Thursday, September 3, 2009

Oldest Swiss Bank Tells Clients to Sell U.S. Assets or Leave

The long arm of U.S. government harassment of international investors may result in blowback that could cause further damage to the U.S stock market.

Wegelin & Co., Switzerland’s oldest bank, is telling wealthy clients to sell their U.S. assets, or switch banks, because of concerns new rules will saddle investors with U.S. tax obligations.

Bloomberg reports:

U.S. proposals to extend reporting requirements for banks whose clients buy American stocks and bonds coupled with estate tax liabilities that may be
inherited by the heirs of people who have such holdings prompted the advice from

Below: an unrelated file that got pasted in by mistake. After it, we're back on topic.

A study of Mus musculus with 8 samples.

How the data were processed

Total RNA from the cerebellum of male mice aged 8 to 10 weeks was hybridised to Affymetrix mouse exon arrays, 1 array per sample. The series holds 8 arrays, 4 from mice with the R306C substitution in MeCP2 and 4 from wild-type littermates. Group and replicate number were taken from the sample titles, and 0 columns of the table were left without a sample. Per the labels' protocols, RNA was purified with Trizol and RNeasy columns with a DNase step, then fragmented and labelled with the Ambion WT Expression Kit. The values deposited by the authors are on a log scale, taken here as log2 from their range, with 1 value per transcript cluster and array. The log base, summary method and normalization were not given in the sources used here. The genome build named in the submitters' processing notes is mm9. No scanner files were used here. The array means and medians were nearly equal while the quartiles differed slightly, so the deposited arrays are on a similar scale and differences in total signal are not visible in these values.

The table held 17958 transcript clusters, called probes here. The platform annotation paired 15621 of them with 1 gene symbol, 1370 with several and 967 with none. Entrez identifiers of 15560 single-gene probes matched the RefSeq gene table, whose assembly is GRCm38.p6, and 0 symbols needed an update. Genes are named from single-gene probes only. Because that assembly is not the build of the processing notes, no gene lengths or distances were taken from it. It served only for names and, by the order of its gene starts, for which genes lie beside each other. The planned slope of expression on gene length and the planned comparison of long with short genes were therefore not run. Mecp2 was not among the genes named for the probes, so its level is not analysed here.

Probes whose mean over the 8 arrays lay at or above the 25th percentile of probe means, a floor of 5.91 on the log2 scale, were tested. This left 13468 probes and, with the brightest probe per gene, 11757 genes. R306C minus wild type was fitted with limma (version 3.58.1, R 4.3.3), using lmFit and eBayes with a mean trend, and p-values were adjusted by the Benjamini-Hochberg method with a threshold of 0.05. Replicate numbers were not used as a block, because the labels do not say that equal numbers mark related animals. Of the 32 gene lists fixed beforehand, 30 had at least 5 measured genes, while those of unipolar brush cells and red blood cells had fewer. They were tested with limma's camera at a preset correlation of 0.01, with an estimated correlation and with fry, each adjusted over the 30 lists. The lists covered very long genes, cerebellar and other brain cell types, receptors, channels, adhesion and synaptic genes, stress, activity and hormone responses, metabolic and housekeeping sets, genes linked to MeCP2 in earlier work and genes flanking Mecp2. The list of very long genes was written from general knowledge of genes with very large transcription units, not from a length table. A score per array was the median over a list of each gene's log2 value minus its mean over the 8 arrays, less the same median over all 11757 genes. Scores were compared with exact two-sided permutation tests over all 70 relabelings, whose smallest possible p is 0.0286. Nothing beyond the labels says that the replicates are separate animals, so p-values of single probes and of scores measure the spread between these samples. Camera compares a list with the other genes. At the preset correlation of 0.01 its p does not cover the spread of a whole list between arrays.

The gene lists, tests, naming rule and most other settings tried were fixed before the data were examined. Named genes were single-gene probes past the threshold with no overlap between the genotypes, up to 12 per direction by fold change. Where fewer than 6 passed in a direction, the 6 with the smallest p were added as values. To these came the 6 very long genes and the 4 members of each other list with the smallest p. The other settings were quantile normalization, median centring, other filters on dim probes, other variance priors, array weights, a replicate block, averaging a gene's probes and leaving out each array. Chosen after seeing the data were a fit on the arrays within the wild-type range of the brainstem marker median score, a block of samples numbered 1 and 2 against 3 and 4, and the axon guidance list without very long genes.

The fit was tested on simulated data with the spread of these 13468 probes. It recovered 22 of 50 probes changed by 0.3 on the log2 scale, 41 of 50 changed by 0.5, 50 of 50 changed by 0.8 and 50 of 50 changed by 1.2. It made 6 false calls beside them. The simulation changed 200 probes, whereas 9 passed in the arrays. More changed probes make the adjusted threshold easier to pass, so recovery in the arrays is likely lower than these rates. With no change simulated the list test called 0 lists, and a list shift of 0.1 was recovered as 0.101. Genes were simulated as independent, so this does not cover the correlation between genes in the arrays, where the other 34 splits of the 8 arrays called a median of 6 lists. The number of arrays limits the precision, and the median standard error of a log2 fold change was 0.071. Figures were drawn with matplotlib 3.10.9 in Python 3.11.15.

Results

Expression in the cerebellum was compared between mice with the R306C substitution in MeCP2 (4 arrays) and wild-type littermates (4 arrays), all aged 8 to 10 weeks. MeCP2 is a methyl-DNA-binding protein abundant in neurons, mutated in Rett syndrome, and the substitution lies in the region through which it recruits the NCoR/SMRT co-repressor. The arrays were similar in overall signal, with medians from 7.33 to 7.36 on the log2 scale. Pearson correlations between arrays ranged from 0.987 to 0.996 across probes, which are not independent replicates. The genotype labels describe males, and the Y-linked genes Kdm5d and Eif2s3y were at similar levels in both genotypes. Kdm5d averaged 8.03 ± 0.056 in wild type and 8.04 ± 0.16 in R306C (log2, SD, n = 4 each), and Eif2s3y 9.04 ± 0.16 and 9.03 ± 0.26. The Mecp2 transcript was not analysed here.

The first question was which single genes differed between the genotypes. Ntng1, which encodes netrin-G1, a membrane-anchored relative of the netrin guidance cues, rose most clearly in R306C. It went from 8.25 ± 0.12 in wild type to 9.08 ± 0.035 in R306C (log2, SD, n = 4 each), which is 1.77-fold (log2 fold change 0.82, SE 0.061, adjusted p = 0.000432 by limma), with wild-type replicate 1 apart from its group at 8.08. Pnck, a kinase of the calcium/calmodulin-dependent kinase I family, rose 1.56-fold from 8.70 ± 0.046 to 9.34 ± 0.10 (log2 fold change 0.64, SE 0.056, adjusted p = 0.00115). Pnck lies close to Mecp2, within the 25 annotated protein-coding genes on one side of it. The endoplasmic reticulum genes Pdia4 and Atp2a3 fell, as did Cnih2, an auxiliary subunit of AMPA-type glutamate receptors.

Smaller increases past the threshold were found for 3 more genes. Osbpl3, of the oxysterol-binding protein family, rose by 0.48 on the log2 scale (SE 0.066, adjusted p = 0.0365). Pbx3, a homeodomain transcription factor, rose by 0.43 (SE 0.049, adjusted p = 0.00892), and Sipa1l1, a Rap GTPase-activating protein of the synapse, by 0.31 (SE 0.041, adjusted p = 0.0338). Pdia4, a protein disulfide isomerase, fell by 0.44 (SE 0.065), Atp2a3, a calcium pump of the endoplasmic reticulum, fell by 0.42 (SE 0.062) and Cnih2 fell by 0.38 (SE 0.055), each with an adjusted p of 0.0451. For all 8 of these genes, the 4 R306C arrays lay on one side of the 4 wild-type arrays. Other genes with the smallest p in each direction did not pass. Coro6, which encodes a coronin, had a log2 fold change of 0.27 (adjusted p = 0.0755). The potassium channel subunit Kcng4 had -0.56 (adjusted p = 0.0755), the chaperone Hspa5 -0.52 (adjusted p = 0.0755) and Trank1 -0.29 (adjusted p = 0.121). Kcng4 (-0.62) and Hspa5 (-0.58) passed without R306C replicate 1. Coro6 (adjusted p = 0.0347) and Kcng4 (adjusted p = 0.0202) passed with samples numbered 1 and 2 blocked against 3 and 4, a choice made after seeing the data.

the St. Gallen, Switzerland-based bank, said Managing Partner Konrad Hummler.

“We came to the conclusion that it’s a threat to our clients,” Hummler, who
is also president of the Swiss Private Bankers Association, said in an interview
yesterday during a conference in Zurich. “It’s also a threat to us as a bank
because as a custodian we are an executor to the estate. We find this aspect
discomforting, so we recommend selling all American securities whatsoever.
Swiss banks manage $2 trillion, or 27 percent, of the world’s privately held offshore wealth.

Though the bank is seeking to provide U.S, stock market via European derivatives, this can't do anything for the U.S. stock market other than put added downward pressure on it, and cause it to become a more isolated market in terms of global opportunities.